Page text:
Have you ever wished that the car-riding of today could be edgier, and just a little bit silly? Well, unless you are currently driving a Volvo XC70 Cross Country, or plan to purchase a Tesla Model S sedan, take a trip down memory lane to the heyday of jumpseat madness with these classic delightmobiles featuring rear-facing seats.
1973: Oldsmobile Vista Cruiser
Known not just for guest-starring on That '70s Show, the third generation of this family truckster also threw all caution to the wind and said, "Hey. Our first Vista tried to mix third row seating choices up a bit by facing the seats forward—but that's obviously not what people want." And so they gave into the swinging 70's demand that all three-rowed beasts have strangely oriented seating.
1977: Chevrolet Caprice
Coastguardsmen and sea captains favored the Chevy Caprice because it was the size of a boat, even after a significantly smaller model was released. It was rumored to have been Noah's choice for the seventies, considering sheer size, spacious interior and rear-facing third row for animals with a desire to stare backward.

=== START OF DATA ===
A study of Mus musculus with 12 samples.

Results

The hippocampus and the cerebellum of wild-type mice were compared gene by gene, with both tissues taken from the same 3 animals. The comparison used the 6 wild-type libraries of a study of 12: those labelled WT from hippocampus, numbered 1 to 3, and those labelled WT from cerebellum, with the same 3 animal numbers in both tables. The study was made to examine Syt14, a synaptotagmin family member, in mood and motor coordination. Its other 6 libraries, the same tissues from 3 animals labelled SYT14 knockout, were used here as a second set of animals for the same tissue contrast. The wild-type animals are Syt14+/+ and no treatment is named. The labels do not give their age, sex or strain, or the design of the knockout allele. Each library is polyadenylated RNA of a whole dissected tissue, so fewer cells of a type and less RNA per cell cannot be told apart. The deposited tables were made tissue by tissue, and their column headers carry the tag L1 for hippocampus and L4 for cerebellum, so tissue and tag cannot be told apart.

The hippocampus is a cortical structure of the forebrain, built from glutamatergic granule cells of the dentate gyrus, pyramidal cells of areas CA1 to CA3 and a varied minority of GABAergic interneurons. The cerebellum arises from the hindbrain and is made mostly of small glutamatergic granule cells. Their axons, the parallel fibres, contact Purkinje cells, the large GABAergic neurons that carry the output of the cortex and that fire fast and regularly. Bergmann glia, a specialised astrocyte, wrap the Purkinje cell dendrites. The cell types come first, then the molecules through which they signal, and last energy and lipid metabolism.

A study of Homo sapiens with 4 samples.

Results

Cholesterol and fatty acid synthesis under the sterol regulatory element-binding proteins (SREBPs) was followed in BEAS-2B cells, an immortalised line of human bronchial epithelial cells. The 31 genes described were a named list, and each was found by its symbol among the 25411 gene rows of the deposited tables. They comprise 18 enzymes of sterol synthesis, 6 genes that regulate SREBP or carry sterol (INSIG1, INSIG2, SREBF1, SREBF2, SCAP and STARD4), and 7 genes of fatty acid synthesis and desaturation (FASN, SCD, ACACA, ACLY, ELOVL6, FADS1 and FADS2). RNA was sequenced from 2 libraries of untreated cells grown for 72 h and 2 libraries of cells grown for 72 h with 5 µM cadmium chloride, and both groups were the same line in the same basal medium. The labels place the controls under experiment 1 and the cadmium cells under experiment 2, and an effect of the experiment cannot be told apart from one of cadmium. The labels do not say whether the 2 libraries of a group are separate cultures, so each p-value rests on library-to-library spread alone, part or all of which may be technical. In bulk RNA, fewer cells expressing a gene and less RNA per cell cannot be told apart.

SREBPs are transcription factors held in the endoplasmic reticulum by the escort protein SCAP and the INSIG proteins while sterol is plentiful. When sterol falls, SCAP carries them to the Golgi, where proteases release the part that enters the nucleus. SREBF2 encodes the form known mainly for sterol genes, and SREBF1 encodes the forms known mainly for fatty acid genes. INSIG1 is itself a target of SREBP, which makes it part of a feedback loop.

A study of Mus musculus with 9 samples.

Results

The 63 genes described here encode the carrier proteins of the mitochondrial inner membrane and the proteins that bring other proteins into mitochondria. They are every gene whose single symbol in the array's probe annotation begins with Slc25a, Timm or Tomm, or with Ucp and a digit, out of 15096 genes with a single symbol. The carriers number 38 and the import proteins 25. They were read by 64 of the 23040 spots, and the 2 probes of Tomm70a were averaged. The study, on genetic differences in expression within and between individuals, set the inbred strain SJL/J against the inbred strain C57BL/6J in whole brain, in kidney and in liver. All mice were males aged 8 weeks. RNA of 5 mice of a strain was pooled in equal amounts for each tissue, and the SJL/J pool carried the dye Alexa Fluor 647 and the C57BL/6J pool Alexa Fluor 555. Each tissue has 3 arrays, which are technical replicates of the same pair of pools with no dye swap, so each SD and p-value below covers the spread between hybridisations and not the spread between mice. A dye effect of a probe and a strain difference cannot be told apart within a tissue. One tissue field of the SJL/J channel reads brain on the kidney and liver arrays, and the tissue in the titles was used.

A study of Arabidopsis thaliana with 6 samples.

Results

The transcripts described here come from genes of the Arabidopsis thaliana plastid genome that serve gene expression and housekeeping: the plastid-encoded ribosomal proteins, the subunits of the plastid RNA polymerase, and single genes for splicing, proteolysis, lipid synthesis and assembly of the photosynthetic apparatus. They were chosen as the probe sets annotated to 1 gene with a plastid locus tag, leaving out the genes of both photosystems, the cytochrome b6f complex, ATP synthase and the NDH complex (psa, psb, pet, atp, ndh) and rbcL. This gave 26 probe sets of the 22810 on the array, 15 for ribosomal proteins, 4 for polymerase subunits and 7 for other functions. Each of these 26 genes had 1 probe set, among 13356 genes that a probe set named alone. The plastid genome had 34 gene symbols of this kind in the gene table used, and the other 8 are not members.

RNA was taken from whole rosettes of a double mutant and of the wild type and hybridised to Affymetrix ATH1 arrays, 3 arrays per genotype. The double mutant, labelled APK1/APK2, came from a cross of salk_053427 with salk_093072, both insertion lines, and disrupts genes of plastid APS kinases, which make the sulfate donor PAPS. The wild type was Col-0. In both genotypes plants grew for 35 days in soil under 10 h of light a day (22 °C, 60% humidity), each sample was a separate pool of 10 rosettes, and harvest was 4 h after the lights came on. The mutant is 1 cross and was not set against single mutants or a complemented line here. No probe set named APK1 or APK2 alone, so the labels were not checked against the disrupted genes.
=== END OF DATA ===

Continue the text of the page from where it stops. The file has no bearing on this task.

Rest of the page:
1978: Subaru Brat
This jaunty trucklet came with a pair of rear-facing jumpseats perfect for flaunting your jaunty platform boots as you kick them in the air jauntily while riding backwards. Jauntily.
1986: Ford Taurus
A true trendsetter in the looks department (virtually every other car maker soon copied its "melted bar of soap" design), only the coolest moms rocked these. And they no doubt handed out popsicles for you kids to enjoy on the way to Q-ZAR birthday parties.
1991: Volvo 960
Although folding third-row jumpseats were available starting in the ‘70s with the Volvo 200, they really picked up with the introduction of the 900 series. Finally, the ‘90s had a way to steep itself in grunge while admiring it in some of the poshest jumpseats on the market.
Keep your eyes peeled for for a classic 1963 Ford Econoline Pickup on the road in your city: Pepsi Throwback is launching the Pepsi Throwback Summer Tour beginning today! Click here for more info.